Respecting a Montana tradition.
With time, comes change, and with change, comes conflict. Some conflict is small and manageable, like installing a new stop light; and some conflict is cumbersome and dynamic, such as regulating public land for the 21st-century realities of 2016 Montana.
One such conflict is fur trapping, a Montana tradition going back to the founders of our state and the heroes of our past—Jim Bridger, John Colter, Liver-Eatin’ Johnson, and all the other mountain men for whom we’ve named our creeks, canyons, ranges, and rivers. On the ballot this November will be I-177, or the Montana Trap-Free Public Lands Initiative. This would ban all trapping on all public lands in Montana, putting an end to a way of life that has defined our state since European settlement.
Now, just because something is a tradition doesn’t mean it’s good; some customs we once revered are no longer tolerated, and for good cause. Montanans have proven themselves to be a forward-thinking bunch, willing to adapt and adjust to new social contexts when it makes sense to. But does it make sense in this case?
Proponents of I-177 cite abuse, indiscriminate killing, profiteering, and other reasons for banning the practice, but do these reasons hold water? Is trapping, by and large, a problem? Surely there are individual examples of abuse, but the same can be said for hunting and fishing, and no one would dare call for the end of those Montana traditions. Indeed, proponents of I-177 go out of their way to reaffirm their support for hunting and fishing, citing fair chase. But let’s be honest: how fair is the chase these days? Anglers cast and catch at their leisure with cutting-edge equipment, expert guides, and plenty of access. Hunters employ sophisticated camouflage, use advanced devices to mimic animal calls, and shoot precision rifles from great distances. And while harvesting one’s own meat is an honorable endeavor, it certainly isn’t necessary, or even cost-effective, in this day and age.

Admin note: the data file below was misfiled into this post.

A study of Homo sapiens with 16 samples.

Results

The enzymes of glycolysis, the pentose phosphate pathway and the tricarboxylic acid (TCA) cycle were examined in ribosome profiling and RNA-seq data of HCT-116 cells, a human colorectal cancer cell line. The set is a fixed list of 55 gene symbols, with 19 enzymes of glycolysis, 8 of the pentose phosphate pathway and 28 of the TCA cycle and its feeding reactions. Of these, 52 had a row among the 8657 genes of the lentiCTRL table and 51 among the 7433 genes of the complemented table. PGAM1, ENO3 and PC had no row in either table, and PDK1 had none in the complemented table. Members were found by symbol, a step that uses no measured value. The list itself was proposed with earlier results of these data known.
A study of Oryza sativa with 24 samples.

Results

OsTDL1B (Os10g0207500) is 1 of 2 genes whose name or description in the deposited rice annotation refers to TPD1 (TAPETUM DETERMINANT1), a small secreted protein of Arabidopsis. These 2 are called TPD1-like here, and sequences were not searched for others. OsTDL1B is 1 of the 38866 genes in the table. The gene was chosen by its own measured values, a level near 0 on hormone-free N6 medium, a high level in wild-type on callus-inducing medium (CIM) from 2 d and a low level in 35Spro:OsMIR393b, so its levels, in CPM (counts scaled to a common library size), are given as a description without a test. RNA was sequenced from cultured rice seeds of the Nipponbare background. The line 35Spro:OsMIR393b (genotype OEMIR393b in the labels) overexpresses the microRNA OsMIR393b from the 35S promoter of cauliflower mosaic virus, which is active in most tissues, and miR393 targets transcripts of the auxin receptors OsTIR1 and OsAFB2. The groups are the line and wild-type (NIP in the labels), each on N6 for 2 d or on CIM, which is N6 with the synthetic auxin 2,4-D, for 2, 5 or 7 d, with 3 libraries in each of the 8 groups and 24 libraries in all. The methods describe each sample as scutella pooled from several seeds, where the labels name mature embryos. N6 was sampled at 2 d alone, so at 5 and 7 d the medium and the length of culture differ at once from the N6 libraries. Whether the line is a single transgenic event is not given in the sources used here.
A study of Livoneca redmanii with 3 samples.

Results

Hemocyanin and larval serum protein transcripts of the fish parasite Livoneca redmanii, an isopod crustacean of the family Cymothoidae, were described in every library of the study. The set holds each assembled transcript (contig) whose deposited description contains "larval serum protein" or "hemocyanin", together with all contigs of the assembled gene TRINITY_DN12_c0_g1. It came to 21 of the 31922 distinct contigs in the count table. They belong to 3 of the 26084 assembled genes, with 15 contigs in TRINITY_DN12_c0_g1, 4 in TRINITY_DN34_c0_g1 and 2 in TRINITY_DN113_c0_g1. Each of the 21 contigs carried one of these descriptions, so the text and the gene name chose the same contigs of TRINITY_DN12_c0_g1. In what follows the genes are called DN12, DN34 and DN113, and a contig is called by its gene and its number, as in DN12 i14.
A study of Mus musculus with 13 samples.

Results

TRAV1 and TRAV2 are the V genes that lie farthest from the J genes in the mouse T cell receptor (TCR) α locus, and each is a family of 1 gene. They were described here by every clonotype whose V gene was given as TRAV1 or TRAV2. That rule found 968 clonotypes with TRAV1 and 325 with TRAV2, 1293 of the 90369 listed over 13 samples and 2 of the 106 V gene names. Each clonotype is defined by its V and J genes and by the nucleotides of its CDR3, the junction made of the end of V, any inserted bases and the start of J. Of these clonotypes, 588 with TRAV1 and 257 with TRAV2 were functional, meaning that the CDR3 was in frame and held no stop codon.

At O/B, we like animals. We love our dogs and want them to be safe in the woods, year-round. And there’s nothing we despise more than the abuse of a public-land resource. But we also value tradition, and honor history. The millions of dollars Americans spend on movies like last year’s The Revenant are proof that we aren’t alone in valuing the hard work, perseverance, and connection to the land that trappers exemplified.
If trapping is murdering pets at alarming rates (more alarming than the rate of pets abandoned, euthanized, or run over by cars) or decimating wildlife populations, it is time for a change. And we’ll adjust to that. But if a few isolated incidents are all we’re getting worked up about, then maybe it isn’t quite time to end a proud tradition. Maybe we increase the punishment for abuse and adjust some boundaries to protect pets in growing urban areas. But an outright ban? That seems quite extreme and reactionary to us.